The Danger of Inviting God into Worship

Last week I wrote about why worship music is supposed to be horrible, which generated lots of comments here on the site and on Facebook. In the process of reading and responding to many of them, I found the conversation veering from music as a medium for worship (with its built-in limitations) to the act and purpose of worship itself. 

So let's talk about worship. 

We'll start with a statement most of us should agree on: worship is about God. Who he is. What he has done, is doing and will do. Worship is about recognizing our triviality in light of his grandeur. This leads many people to decry the use of first-person language in worship music. "It's not about what I feel, do or say," someone may argue. "It's not about me at all. It's about God." 

I agree that worship can be self-centered. But I disagree about how that self-centeredness finds expression. 

For starters, I don't think "I" language is necessarily a bad thing. We say worship is about God, but more precisely worship is an action on our part in response to God. It's reactive. When reacting to God, it makes sense that we reach for words that merely describe how we feel. Because something happens when we encounter a transcendent God: we realize the limitations of our language to capture it. 

Just look at these reactions to God in the Bible:

  • Job (my favorite): "My ears had heard of you but now my eyes have seen you. Therefore I despise myself and repent in dust and ashes” (Job 42:5-6).
  • The Psalmist: "I will exalt you, my God the King; I will praise your name for ever and ever. Every day I will praise you and extol your name for ever and ever" (Ps. 145:1-2). 
  • Isaiah: “Woe is me! For I am undone, because I am a man of unclean lips and I dwell in the midst of a people of unclean lips; for mine eyes have seen the King, the Lord of hosts” (Isaiah 6:5). 

If God is a glory too ferocious to behold, perhaps it's also difficult to capture it in words. I suggest that first-person language most often signifies our inability to absorb God rather than our self-absorption.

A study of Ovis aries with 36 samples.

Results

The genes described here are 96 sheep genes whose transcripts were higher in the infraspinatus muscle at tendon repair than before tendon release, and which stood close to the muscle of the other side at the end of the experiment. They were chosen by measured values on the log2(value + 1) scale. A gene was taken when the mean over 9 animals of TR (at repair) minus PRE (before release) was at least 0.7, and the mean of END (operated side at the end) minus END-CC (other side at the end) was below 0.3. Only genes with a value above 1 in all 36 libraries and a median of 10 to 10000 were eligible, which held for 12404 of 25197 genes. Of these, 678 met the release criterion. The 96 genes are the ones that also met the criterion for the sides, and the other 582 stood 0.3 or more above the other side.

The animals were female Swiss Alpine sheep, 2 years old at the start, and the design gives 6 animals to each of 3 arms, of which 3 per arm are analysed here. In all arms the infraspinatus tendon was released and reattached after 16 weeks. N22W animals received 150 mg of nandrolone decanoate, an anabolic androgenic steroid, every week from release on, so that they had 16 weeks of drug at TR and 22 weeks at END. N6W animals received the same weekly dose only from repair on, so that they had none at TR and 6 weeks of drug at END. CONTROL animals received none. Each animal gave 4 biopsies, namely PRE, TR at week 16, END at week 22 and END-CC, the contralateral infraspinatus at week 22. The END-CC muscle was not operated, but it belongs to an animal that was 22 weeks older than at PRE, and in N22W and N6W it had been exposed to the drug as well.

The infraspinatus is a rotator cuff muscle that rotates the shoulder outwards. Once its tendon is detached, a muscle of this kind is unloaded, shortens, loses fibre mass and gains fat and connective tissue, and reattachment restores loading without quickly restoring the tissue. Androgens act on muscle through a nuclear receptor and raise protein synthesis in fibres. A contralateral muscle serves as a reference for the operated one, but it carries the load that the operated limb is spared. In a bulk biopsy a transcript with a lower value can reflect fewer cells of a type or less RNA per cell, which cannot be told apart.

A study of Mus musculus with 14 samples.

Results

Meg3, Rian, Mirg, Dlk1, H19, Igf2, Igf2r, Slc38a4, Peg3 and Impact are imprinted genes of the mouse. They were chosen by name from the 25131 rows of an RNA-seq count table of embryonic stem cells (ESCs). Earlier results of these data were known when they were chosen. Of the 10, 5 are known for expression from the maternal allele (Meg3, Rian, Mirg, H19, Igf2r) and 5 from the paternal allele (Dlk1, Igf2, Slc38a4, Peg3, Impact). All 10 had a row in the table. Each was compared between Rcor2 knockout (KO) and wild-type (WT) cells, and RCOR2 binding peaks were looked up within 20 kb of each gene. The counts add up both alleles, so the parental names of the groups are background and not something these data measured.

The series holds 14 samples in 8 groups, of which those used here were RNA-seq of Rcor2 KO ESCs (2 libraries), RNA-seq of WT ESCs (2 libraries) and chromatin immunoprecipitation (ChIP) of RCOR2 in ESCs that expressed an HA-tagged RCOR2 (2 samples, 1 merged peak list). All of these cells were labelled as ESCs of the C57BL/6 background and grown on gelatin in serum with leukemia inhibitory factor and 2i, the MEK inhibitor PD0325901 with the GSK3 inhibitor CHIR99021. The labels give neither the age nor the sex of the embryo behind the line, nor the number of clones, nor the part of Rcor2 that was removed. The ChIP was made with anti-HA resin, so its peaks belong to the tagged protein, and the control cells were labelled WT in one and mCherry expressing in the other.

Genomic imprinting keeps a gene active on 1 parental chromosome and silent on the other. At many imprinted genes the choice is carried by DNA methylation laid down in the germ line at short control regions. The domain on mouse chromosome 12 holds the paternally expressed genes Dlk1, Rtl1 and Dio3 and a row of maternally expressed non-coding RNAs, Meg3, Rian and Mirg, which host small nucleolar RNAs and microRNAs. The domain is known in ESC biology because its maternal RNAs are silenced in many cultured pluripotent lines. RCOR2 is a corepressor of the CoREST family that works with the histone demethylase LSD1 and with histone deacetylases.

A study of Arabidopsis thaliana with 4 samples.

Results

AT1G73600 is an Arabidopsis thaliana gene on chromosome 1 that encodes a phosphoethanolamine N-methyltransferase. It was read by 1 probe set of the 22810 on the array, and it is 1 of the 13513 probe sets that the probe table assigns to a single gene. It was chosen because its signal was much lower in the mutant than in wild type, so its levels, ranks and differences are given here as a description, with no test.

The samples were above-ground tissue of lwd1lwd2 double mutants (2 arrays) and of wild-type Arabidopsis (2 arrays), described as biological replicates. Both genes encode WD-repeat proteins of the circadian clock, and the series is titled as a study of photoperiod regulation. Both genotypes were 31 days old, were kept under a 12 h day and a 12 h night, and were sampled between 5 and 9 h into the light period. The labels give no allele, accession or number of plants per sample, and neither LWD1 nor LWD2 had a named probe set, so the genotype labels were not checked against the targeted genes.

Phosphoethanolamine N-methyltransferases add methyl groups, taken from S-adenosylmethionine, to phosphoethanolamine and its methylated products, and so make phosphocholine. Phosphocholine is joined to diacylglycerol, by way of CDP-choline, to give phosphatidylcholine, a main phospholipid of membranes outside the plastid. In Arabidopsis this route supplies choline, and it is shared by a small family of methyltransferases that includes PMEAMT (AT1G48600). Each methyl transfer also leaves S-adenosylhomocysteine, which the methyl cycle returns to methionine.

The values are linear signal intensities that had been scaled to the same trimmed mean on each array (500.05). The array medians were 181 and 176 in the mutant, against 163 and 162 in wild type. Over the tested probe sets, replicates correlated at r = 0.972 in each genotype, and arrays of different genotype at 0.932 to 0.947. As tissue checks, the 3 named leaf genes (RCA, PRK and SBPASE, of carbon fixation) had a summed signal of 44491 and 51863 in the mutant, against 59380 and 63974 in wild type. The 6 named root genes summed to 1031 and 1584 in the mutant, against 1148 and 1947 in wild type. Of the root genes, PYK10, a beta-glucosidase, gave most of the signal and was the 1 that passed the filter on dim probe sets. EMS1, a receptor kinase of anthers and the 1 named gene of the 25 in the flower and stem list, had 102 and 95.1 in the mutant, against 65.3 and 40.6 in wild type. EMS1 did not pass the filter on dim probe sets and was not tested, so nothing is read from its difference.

The bigger danger, I think, is our preoccupation with encountering God in worship. This is where our self-centeredness finds its ugliest expression. 

I can imagine that many of you may have had experiences when the presence of God was palpable in worship and he met you in that moment in a special way. I certainly don't want to invalidate or rob you of those experiences at all. I've had them too. And because those experiences are so special, it makes sense that we would try to replicate them every time we worship. But this is dangerous.

The implicit, unspoken belief in many worship settings that I've seen is that experiencing God's presence is the primary purpose of worship. No longer is worship reactive, a response of awe and gratitude to God, but proactive, a request that he make himself more real to us. It's about us. It's something that we want.

I think this is more felt than said. How many times have we walked away from a worship service feeling underwhelmed? The words we sang were true. The sentiments expressed were genuine. We sang them in one voice. Yet something seemed to be missing. It didn't feel like the Spirit was moving.

This is proactive worship. We invite God into our service and if he doesn't show then it was a failure. Perhaps we didn't worship hard enough. Perhaps someone was "in sin." Proactive worship is merely the means to an end: feeling close to God. It's not the end itself. 

The swelling music, the trance-like repetition, the instructions to raise our hands...they've all become big red flags to me. We're either trying to coerce God to answer our beckoning, like some kind of holy rain dance, or we're trying to deceive ourselves by supplanting our emotions for a genuine spiritual experience. (On that last note, I loved the natural daylight flooding through the gym windows at my last church--not an immersive, theater-like experience, but a part of everyday life, refreshingly sober.) It's like a formula that we turn to in order to unlock God. 

The truth is, whether or not we feel God's presence is kind of beside the point. I don't think worship is a space that we invite God into. I think it's a space that God has invited us into. We might not (read: probably won't) feel him there. But feeling him there is not why we came. We didn't come to be rewarded with a feeling of his love; we came to reward him with an expression of our love. That's the difference between being reactive with worship, not proactive. It's the "wow" and "thanks" of our journey with God, not the "please."